Two weeks ago, I taught a leadership class at Navy Swim Camp. We played a game called Walking Leadership Bingo, which involved answering a series of questions on leadership with fellow campers. I was playing the game too, but as usual, no one was approaching me. I kept seeking out reluctant partner after reluctant partner until finally, one young woman introduced herself and posed a question from the game: “What type of leader are you?” I quickly answered but was shocked by her response to the same question. I asked, “What type of leader are you?”

“I’m not really a leader,” she responded. Cue the sound of crickets. I was stunned.

After a few moments of silence, I began firing a series of questions: “Who approached whom to start this conversation?”, “Who introduced themselves first?” and “Who posed the first question?” She failed to respond.  

Did she think I was wrong? Did a lightbulb go on in her head? Was she staring at something in my teeth and not listening at all? I will never know, but I have a strong feeling that this was the start of her leadership journey. You see, everyone is a leader, and this young woman was no exception. She was doing something that none of her peers were doing—intentionally talking to me, the assigned leader. She was not allowing our differences in age, knowledge, or assigned roles to intimidate her. She was being an assertive leader, and that passive follower she was claiming to be is as mythical a creature as the monster under your bed.

What type of leader are you? Think about it for a second. How do you make decisions? Do you decide by considering the facts, by thinking about how it will affect your teammates, or by taking into account the overall vision/goal of the group? This is something we will discuss during the LEAD Summit in August.

The key to a functional group is for everyone to recognize that we can all be leaders at the same time. It is our goals, motivations, decision making skills, and roles that differ. Some are leaders in charge of a group (appointed consciously or unconsciously), and others are leaders of self, in charge of supporting the appointed leader. The leader of the group is the stereotypical leader we often think of, but it is the leader of self that is a mystery to most.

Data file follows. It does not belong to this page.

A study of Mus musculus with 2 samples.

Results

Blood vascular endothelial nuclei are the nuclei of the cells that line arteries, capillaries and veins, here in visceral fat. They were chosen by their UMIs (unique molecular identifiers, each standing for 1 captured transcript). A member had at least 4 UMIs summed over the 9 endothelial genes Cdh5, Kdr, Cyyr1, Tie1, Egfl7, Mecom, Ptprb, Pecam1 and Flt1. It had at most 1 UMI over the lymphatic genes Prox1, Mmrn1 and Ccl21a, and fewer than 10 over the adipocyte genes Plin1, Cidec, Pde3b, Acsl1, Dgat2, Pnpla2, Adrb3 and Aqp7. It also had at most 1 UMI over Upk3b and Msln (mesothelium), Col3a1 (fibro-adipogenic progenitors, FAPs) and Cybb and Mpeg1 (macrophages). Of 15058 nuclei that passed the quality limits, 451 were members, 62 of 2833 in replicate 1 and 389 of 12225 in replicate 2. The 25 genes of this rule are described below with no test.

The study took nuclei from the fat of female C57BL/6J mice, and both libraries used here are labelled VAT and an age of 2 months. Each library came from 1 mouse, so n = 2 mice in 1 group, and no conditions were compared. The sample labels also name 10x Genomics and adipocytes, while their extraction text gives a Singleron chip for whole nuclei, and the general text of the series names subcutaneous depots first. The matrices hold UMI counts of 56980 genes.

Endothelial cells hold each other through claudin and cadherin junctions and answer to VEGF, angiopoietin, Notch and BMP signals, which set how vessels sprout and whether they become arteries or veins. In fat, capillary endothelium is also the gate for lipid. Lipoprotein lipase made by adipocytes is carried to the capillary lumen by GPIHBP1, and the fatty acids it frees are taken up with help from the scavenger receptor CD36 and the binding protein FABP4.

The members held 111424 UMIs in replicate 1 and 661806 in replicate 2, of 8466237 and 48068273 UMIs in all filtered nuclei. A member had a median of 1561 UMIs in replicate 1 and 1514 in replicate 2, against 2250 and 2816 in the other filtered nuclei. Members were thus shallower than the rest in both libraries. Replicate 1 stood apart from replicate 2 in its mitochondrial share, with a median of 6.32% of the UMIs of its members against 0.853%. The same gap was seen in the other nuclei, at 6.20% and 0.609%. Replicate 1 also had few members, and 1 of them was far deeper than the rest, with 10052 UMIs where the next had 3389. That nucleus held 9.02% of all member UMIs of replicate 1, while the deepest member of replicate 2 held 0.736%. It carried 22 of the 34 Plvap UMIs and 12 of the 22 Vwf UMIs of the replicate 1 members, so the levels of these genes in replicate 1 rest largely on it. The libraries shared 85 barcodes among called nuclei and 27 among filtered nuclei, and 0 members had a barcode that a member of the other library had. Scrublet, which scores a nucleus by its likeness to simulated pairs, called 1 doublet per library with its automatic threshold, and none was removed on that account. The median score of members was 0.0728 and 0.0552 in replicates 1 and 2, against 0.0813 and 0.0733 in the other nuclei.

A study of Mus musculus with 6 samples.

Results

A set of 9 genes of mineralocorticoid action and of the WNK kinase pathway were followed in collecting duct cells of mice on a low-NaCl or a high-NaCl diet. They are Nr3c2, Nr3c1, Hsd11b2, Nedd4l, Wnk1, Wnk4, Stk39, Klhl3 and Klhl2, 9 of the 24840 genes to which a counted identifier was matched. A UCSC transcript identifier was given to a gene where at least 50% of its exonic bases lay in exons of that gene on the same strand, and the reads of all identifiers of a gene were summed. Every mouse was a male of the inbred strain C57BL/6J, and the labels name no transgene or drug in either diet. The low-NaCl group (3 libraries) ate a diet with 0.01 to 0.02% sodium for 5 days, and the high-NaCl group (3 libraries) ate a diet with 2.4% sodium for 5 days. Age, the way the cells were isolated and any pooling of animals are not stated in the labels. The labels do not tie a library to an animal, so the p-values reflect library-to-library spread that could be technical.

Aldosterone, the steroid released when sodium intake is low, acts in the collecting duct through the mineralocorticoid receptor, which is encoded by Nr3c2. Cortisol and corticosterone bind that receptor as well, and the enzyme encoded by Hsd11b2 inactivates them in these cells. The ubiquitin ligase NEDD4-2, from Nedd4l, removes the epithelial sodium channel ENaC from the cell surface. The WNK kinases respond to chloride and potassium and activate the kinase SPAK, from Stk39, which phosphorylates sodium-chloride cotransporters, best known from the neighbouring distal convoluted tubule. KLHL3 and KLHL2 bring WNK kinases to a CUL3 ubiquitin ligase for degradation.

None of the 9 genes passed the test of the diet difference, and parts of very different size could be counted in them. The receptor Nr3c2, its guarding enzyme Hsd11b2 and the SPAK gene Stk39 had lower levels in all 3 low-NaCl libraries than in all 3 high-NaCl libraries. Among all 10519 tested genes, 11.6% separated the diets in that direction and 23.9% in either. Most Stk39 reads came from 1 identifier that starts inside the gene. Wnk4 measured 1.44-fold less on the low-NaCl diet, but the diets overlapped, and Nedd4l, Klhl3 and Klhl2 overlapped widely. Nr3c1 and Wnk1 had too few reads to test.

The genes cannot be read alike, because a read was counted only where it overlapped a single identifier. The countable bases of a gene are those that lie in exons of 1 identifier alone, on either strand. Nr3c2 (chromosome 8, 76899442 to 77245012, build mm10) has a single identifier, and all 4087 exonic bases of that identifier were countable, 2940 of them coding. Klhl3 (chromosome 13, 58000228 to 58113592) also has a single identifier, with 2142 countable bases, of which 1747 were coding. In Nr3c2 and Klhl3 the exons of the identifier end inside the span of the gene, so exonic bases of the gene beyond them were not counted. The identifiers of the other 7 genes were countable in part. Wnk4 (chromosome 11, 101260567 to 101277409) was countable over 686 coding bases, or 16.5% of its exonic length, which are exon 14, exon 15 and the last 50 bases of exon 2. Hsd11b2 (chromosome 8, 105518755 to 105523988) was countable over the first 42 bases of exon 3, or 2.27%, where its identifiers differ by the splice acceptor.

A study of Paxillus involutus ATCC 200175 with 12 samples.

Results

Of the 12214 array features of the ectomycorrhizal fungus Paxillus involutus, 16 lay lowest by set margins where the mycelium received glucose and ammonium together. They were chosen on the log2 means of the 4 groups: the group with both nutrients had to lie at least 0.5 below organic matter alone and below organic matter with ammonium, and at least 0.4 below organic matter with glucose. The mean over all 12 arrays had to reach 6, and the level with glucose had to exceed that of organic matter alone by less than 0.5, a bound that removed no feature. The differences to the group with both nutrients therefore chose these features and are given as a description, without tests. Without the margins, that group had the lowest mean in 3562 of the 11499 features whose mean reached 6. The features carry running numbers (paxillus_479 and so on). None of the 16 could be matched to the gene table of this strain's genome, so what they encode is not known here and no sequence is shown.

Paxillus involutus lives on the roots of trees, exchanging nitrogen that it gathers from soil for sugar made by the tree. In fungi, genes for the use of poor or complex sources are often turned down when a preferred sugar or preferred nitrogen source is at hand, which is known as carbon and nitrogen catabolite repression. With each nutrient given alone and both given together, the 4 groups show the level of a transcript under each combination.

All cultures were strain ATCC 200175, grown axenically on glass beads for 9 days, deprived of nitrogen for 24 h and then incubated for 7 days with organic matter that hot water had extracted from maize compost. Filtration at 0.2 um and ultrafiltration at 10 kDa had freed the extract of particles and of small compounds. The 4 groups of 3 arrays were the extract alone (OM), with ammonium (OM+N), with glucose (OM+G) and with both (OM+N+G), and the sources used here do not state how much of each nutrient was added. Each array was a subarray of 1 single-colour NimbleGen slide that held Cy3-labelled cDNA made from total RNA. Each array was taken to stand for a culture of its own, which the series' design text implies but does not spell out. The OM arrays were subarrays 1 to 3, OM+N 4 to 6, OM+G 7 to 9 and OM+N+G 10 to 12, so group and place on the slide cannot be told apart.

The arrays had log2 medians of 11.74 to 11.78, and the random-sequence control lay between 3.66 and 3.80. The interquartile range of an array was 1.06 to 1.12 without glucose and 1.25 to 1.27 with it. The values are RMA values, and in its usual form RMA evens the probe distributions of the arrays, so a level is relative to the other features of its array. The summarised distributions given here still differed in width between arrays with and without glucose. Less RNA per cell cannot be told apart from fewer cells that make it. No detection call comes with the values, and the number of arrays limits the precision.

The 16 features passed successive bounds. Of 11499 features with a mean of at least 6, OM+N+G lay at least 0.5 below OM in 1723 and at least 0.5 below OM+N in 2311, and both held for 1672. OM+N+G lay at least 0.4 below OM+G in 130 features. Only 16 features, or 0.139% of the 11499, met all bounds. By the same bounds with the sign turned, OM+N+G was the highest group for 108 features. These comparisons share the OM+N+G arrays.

When you are a leader of self, you are a professional question-asker. You ask questions when you don’t believe in how the leader of group is doing things, or when you don’t see other teammates leading themselves properly. It is your job to advocate and lead yourself to support the group, to lead others to support the group, and to keep the leader of group honest and on the right track. Ask questions when you don’t agree with how things are getting done, and if after asking all these questions of others, you still don’t agree with how things are getting done, ask yourself these three questions:  

  1. Can I change this?
  2. Can I get on board?
  3. Do I need to join a different group?  

If you are not doing these things, you are leading yourself and the group astray.

I want to leave you with these two quotes:

“If I were to remain silent, I’d be guilty of complacency.”  - Albert Einstein

“There comes a time when silence is betrayal.” – Martin Luther King, Jr.

Don’t be complacent with improper leadership, and don’t betray your group by attempting to do nothing. You are a leader whether you like it or not, but you do get to choose the quality of your leadership.

Choose to be a positive leader with full buy-in to your program, coaches, and teammates. Choose to take on an active role in your leadership.